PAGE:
It’s somewhat ironic these days that even as hardware is becoming denser and more modular, infrastructure is becoming larger and more distributed. Both trends are feeding off one another, of course, driven by the decreasing cost of commodity systems and the emerging needs of Big Data and the data economy.https://o1.qnsr.com/log/p.gif?;n=203;c=204663295;s=11915;x=7936;f=201904081034270;u=j;z=TIMESTAMP;a=20410779;e=iBut this is also propelling a need for more open architectures, both in the data center and across third-party infrastructure, which is both a blessing and curse for the enterprise. Everyone loves the idea of extending abstract data environments without regard to underlying infrastructure, but open systems also tend to be more operationally complex than proprietary ones, and they do not always produce the most cost-effective solution.
Open platforms are already taking firm hold in Big Data environments, according to Research and Markets. Its latest Global Big Data Infrastructure Market report has the industry expanding at a compound annual rate of 33.15 percent for the rest of the decade, driven largely by open solutions like Hadoop, R, Cassandra and MongoDB. This makes a lot of sense given the volumes involved and the fact that most of the analytics are taking place on unstructured data, but it also means the enterprise will need to quickly acquire the expertise needed to integrate the various components of Big Data analytics and storage in order to drive true value from the technology.
Open systems are also making their way to the cloud in general, which should make it easier for organizations to provision the resources they need at scale. But again, these architectures won’t arise by themselves (not yet, anyway), so knowledgeable IT technicians will still have a fair amount of integration to take care of. The new Mikata release of OpenStack, for example, which is designed to address the complexity issues that have hampered the platform’s deployment, offers things like a newly streamlined client interface, simplified setup of crucial components like Nova and Keystone and “intent-based” configuration tools that allow providers to tailor environments more accurately to user needs. In the end, though, OpenStack still requires a lot of hands-on functionality for anyone looking to deploy their own open cloud.
Still, it’s not like anyone else is offering a plug-and-play cloud environment, if such a thing is even possible. As Gina Longoria, senior analyst for Moor Insights & Strategy, notes, OpenStack has come a long way in the six years since its inception and is now ready for enterprises that are anxious to build scale-out cloud environments without tying themselves to a single vendor. Core stability, for one, has been markedly improved and the user base has expanded to the point where troubleshooting and issue resolution are now handled promptly. As well, the skills shortage is dropping due to stepped up training and certification.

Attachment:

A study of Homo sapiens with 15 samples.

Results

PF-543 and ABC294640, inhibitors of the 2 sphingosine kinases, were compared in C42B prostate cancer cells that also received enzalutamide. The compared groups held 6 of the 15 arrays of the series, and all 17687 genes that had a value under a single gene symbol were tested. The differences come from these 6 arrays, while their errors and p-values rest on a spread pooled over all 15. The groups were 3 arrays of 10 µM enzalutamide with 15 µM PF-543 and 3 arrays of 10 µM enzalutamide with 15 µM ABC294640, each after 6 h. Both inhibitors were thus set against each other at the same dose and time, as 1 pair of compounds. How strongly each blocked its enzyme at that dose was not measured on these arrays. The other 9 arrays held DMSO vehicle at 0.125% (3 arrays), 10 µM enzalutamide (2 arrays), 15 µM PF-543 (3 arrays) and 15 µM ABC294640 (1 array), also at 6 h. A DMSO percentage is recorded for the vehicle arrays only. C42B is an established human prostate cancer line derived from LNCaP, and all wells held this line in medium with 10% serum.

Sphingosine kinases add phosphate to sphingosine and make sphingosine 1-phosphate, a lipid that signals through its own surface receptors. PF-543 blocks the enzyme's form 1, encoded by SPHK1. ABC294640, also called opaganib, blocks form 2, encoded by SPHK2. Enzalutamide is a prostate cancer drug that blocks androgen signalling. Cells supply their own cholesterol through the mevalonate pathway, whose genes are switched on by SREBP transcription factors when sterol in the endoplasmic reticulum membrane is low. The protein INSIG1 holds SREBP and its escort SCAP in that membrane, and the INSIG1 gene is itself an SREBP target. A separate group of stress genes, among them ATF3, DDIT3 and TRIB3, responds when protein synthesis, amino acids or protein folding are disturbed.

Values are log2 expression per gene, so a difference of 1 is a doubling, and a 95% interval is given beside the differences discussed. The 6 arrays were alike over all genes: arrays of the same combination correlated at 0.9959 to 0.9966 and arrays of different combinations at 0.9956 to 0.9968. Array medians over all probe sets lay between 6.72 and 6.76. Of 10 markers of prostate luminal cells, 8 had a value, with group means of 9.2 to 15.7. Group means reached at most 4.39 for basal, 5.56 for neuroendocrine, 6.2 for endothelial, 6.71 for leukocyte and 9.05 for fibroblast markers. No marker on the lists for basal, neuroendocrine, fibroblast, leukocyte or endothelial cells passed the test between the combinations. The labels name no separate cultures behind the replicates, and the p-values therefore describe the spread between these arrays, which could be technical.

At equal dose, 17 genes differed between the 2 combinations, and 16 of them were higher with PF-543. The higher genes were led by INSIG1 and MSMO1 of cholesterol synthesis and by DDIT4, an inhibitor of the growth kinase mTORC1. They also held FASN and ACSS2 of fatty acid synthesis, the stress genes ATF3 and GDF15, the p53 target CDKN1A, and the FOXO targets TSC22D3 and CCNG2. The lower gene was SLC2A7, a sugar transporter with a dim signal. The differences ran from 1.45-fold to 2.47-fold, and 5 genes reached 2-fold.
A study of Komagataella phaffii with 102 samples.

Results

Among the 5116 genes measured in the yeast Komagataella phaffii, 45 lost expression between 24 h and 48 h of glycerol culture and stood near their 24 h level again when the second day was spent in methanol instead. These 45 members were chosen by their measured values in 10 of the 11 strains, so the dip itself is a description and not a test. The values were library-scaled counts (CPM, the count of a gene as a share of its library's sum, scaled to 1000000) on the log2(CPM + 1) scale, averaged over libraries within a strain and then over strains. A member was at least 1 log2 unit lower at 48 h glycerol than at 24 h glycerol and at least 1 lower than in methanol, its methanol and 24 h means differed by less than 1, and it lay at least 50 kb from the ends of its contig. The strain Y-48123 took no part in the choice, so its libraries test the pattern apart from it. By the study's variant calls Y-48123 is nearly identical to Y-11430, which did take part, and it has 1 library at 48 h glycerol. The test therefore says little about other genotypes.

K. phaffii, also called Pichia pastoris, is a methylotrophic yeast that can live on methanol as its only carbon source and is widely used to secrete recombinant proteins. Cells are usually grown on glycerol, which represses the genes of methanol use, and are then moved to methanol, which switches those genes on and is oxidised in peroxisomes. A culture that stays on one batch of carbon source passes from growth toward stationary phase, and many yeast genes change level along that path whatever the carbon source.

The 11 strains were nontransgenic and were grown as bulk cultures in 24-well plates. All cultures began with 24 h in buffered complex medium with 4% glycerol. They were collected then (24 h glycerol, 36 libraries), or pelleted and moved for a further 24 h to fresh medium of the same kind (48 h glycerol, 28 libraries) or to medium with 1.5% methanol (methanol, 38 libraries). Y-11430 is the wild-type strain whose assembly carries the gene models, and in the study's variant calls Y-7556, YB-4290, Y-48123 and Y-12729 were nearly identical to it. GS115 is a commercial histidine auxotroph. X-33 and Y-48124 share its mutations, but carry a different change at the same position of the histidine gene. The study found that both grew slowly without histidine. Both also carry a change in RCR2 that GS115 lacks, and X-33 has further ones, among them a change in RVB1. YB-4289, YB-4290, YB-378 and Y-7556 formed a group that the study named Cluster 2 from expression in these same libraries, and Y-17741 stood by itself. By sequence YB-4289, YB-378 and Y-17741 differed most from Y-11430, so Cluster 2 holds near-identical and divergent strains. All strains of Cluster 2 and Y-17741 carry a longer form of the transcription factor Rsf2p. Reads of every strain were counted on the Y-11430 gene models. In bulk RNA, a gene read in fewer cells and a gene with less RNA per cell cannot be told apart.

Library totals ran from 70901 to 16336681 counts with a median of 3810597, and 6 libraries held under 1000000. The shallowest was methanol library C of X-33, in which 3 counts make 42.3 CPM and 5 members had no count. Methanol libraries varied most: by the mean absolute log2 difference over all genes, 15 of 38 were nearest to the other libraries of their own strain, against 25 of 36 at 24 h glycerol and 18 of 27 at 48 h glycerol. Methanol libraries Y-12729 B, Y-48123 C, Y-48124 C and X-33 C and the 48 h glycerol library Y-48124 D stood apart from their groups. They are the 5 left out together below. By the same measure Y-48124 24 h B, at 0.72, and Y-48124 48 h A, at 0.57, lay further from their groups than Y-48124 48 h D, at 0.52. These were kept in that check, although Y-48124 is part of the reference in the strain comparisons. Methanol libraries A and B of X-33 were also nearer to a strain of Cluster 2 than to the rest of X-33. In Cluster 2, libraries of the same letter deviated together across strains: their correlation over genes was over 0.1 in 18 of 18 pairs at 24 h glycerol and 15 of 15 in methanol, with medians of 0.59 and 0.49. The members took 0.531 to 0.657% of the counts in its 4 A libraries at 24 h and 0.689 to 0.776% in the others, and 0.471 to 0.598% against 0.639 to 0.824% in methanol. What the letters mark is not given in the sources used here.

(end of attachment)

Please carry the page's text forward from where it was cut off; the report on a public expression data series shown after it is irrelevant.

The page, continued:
At the same time, the Open Compute Project (OCP) is working to overcome early impressions of a lack of focus and an overall architectural design that is not conducive to the needs of the average enterprise. According to Hyperscale IT’s James Bailey, OCP now contains a comprehensive portfolio of products designed to enable scale-out infrastructure in various proportions. This is being addressed through multiple rack configurations, improved warranty support from ODM manufacturers and improved energy efficiency, which benefits all deployments regardless of size.
The open vs. proprietary debate started long before the cloud and Big Data came along, and it will probably continue long after they’ve gone mainstream. In the end, it comes down to a fundamental decision: Do you want someone else to bear the brunt of provisioning and optimizing your data environment, or do you want the freedom to do it yourself?
Arthur Cole writes about infrastructure for IT Business Edge. Cole has been covering the high-tech media and computing industries for more than 20 years, having served as editor of TV Technology, Video Technology News, Internet News and Multimedia Weekly. His contributions have appeared in Communications Today and Enterprise Networking Planet and as web content for numerous high-tech clients like TwinStrata and Carpathia. Follow Art on Twitter @acole602.